American author and critic Pamela Hansford Johnson could have been inspired by a Vineyard sunset when she enthused, “The sky broke like an egg into full sunset and the water caught fire.”
Mahatma Gandhi was also clearly convinced of the divine nature of sunsets, observing that “When I admire the wonder of a sunset or the beauty of the moon, my soul expands in the worship of the Creator.”
It is hard not to marvel at the sky as day turns to night. Last week’s sunsets were nothing short of miraculous. The magic, though, is simple science.
Light from the sun is the origin of the colors. Though we say our sun is yellow, it is white light that it produces. The white light encompasses all the colors of the rainbow, each occurring at different wavelengths. The notion that the different-colored wavelengths could be separated out again from the white light of the sun was first demonstrated by Isaac Newton, who used a prism to scatter each color.
Blue, violet and green have short wavelengths, while yellow, orange and red have long wavelengths. These different lengths make a difference, since the shorter wavelengths are more vulnerable to interference.
As light moves through the atmosphere, it encounters molecules of gas and other particulates. These molecules might be considered “bumps” in the atmosphere that get in the way of light. When light encounters these bumps, the different-colored parts scatter, starting with the shorter wavelengths. This selective scattering of light is referred to as Rayleigh scattering.
During the day we see a lot of blue (but not violet; our eyes see the blue more easily than the violet) because the direct path that the sunlight is taking through the atmosphere is at its shortest and there typically isn’t enough interference between the sun and our eyes to scatter out the blue.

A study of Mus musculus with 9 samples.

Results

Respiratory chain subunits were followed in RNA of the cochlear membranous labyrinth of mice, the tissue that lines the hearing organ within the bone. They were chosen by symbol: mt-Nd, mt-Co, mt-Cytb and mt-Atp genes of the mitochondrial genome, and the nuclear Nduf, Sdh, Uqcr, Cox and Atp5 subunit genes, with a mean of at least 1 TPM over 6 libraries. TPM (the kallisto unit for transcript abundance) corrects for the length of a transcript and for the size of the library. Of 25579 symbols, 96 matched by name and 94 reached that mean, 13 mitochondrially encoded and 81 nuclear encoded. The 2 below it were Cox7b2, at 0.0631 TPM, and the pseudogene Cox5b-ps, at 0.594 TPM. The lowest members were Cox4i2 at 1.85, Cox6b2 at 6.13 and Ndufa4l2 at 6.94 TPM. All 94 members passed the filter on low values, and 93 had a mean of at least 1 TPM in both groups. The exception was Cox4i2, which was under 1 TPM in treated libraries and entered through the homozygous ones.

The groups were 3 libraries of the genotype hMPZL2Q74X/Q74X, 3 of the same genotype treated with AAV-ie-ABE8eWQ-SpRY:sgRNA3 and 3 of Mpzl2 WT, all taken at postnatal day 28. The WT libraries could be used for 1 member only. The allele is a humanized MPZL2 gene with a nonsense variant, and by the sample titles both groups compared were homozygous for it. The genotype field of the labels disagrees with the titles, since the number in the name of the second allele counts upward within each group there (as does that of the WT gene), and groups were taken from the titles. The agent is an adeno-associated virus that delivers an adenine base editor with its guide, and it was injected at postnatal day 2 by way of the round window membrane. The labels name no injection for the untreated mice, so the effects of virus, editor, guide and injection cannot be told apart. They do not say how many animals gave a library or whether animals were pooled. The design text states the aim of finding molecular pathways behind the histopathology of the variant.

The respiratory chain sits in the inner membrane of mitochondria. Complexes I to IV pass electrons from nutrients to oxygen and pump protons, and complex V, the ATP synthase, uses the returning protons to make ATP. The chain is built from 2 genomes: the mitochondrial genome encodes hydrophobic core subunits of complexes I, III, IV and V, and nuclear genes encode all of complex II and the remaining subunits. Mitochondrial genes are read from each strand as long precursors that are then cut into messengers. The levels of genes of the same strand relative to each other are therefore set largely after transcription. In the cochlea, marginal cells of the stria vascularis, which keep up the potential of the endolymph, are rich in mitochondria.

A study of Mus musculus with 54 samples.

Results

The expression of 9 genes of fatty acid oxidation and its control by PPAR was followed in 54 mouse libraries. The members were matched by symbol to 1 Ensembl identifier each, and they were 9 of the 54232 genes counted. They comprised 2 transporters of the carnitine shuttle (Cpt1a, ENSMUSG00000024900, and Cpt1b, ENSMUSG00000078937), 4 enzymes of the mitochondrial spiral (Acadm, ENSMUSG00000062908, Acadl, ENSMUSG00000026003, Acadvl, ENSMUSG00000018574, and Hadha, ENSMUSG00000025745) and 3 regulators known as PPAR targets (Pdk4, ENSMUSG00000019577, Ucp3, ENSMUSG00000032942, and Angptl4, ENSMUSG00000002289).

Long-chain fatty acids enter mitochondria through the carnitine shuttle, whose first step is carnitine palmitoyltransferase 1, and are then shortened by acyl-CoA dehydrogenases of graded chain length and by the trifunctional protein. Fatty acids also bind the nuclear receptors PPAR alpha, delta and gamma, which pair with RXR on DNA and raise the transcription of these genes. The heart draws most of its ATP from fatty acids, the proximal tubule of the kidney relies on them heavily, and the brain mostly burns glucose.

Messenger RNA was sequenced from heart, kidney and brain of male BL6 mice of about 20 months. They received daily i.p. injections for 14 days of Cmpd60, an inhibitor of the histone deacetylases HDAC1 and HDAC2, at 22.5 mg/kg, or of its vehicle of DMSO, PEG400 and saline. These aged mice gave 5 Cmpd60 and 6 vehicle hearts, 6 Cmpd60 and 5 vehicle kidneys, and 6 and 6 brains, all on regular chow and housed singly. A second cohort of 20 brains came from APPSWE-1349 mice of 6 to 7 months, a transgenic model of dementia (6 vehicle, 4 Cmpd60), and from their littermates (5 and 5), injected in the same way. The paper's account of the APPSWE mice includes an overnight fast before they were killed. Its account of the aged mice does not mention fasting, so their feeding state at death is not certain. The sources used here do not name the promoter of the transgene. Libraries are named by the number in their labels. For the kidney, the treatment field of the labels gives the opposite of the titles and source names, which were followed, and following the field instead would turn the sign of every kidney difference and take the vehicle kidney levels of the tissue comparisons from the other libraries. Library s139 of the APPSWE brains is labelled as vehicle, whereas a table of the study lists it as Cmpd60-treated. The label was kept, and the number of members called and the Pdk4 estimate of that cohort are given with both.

At sunset and sunrise, however, light must travel through 10 times more atmosphere than it does at noon (due to the oblique angle of the sun from the vertical). Thus, the shorter wavelengths of light encounter 10 times the number of particles and molecules of gas, and they get scattered first. What are left are the longer wavelengths, giving rise to our spectacular evenings of reds and oranges. This phenomenon, too, has a name — the process whereby short wavelengths are scattered more than large ones is called the Tyndall effect.
There are other factors that can affect the sunset we see. One is pollution. Though many think that pollution enhances sunset because it adds particles that would scatter light, this is not actually the case. Pollution dims sunsets due to the size of the particles, which are too large to be effective Rayleigh scatterers and, instead, cause gray haze and subdued skies. Salt from the sea, however, encourages blazing red and orange skies. That may be one of the reasons that seaside sunsets are so incredible.
Seasonality matters, too. Fall and winter have some of the most intriguing and colorful sunsets because air circulation is less lively than in the summer and the chemical reactions that cause smog and pollution are slowed due to lower temperatures. High-level clouds, like cirrus and altocumulus, also add to a sunset’s palette, because they are above the atmospheric layer that has the most color-suppressing dust and haze.
Rabindranath Tagore, Indian playwright and poet, referred to this effect and remained ever the optimist when he waxed both poetic and philosophical about the intrusion of clouds in his sky: “Clouds come floating into my life, no longer to carry rain or usher storm, but to add color to my sunset sky.”
Suzan Bellincampi is director of the Felix Neck Wildlife Sanctuary in Edgartown.